The Effect of Amine Additives on the Thermal Runaway Inhibition of SiC ||NCM811 Batteries

Bo-wen Hou, State Key Laboratory of Automotive Safety and Energy, Tsinghua University, Beijing 100084, China;
Long He, Department of Automotive Engineering, School of Mechanical Engineering, University of Shanghai for Science and Technology, Shanghai 200093, China;
Xu-ning Feng, State Key Laboratory of Automotive Safety and Energy, Tsinghua University, Beijing 100084, China;
Wei-feng Zhang, State Key Laboratory of Automotive Safety and Energy, Tsinghua University, Beijing 100084, China;
Li Wang, Institute of Nuclear and New Energy Technology, Tsinghua University, Beijing 100084, China;
Xiang-ming He, Institute of Nuclear and New Energy Technology, Tsinghua University, Beijing 100084, China;

Abstract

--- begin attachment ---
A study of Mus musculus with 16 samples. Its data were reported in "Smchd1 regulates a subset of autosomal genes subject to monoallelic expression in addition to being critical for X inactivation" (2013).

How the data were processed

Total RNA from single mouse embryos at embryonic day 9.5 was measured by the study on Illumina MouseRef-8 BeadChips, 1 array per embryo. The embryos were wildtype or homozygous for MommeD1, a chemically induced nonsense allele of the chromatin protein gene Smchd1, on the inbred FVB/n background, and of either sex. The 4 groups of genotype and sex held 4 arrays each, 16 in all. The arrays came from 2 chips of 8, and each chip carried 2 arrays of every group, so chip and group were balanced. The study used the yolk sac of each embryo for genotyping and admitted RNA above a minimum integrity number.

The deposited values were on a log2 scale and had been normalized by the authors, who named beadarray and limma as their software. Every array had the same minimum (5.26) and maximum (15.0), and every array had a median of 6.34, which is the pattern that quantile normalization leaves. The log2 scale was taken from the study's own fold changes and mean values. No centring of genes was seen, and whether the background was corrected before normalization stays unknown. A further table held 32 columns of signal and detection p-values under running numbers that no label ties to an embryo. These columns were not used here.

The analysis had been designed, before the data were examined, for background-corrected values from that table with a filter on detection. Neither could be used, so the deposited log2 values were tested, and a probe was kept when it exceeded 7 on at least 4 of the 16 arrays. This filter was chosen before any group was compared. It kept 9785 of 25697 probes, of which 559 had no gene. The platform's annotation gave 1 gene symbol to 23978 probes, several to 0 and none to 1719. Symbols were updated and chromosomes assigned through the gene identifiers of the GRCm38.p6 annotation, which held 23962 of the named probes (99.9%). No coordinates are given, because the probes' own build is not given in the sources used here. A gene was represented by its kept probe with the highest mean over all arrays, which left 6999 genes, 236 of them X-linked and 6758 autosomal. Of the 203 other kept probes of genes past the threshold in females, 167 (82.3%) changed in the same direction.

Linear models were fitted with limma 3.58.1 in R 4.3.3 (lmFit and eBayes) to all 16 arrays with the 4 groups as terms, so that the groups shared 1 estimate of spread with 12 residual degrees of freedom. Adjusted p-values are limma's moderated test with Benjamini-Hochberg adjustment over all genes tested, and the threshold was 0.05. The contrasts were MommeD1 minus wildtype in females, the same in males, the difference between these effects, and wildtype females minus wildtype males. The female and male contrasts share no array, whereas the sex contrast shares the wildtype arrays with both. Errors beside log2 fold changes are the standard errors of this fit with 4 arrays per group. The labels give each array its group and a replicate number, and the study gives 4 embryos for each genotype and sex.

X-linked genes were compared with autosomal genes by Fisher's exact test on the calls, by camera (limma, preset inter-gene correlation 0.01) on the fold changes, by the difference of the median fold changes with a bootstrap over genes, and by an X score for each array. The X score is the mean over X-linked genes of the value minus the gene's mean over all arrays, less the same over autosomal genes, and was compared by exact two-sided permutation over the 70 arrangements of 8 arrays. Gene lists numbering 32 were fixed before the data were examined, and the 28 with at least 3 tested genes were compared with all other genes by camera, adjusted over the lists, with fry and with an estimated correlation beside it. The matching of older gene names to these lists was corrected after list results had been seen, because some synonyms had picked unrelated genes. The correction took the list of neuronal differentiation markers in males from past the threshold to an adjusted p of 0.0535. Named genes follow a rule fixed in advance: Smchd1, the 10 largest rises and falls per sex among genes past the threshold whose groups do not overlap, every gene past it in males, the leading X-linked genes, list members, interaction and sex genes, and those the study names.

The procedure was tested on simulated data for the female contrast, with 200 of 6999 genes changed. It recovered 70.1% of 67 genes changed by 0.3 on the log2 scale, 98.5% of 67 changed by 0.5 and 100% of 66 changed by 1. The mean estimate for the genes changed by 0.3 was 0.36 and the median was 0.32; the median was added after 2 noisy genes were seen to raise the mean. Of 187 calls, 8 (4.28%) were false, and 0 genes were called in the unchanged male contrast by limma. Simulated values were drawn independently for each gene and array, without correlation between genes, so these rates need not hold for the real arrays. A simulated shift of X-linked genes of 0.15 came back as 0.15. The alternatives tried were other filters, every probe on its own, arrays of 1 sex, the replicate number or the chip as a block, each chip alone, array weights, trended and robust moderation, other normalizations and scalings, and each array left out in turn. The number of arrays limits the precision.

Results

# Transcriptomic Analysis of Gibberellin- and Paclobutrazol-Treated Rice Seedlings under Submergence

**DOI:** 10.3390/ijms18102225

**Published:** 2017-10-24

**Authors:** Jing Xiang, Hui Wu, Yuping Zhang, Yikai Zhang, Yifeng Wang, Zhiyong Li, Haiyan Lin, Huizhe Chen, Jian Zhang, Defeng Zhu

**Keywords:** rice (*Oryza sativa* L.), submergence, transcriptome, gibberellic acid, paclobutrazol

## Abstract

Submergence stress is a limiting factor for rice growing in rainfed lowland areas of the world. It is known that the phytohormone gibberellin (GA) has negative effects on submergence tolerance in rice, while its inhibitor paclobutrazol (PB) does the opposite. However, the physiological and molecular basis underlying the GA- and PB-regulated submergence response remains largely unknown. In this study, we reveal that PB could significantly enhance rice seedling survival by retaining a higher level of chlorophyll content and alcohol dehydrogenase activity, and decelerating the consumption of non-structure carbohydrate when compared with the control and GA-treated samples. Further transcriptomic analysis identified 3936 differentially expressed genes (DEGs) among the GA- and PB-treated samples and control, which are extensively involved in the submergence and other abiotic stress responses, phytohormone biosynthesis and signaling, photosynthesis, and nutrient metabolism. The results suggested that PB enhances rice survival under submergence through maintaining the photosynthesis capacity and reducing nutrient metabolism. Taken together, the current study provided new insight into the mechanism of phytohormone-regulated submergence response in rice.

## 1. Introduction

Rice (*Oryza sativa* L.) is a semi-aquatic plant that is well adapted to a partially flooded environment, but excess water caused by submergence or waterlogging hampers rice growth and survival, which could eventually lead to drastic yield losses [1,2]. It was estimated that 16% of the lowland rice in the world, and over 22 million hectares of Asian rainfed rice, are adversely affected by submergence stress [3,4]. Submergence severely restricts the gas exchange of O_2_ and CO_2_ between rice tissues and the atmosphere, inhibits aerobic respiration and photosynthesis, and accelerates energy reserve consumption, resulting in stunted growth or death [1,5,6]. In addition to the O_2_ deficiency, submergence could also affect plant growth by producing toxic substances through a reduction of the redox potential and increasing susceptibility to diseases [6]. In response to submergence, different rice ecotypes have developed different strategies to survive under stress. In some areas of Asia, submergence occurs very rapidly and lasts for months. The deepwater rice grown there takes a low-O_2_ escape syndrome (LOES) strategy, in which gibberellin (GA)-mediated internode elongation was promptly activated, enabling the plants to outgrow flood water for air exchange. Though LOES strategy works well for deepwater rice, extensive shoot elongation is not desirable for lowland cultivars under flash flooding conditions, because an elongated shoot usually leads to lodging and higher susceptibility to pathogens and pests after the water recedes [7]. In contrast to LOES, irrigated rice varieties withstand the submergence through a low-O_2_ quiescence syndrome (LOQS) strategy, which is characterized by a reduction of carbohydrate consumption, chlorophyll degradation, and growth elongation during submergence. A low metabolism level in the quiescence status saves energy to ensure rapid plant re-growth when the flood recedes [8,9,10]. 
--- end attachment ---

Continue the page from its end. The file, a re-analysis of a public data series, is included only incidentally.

The high energy density of the NCM batteries with high nickel content is a key advantage in replacing fossil fuels and promoting clean energy development, but also a fundamental cause of serious safety hazards in batteries. Primary and secondary amines can lead to ring-opening polymerization of common ethylene carbonate electrolytes, resulting in an isolation layer between the cathode and the anode, and improving the thermal safety of the battery. In this work, the safety of batteries is considered at the material level and at the cell level, based on the chemical reactions between amines and the battery components. At the material level, the effect of the presence or absence of amine additives on the thermal stability of the different components of the lithium-ion battery is tested by DSC. At the cell level, the safety of the whole battery with and without additives was tested by using ARC to extract thermal runaway (TR) characteristic temperatures. The addition of the amine resulted in an earlier onset of some of the chemical reactions between the battery components, as well as a significant reduction in total heat release and a decrease in the maximum temperature rise rate, such that TR was effectively suppressed.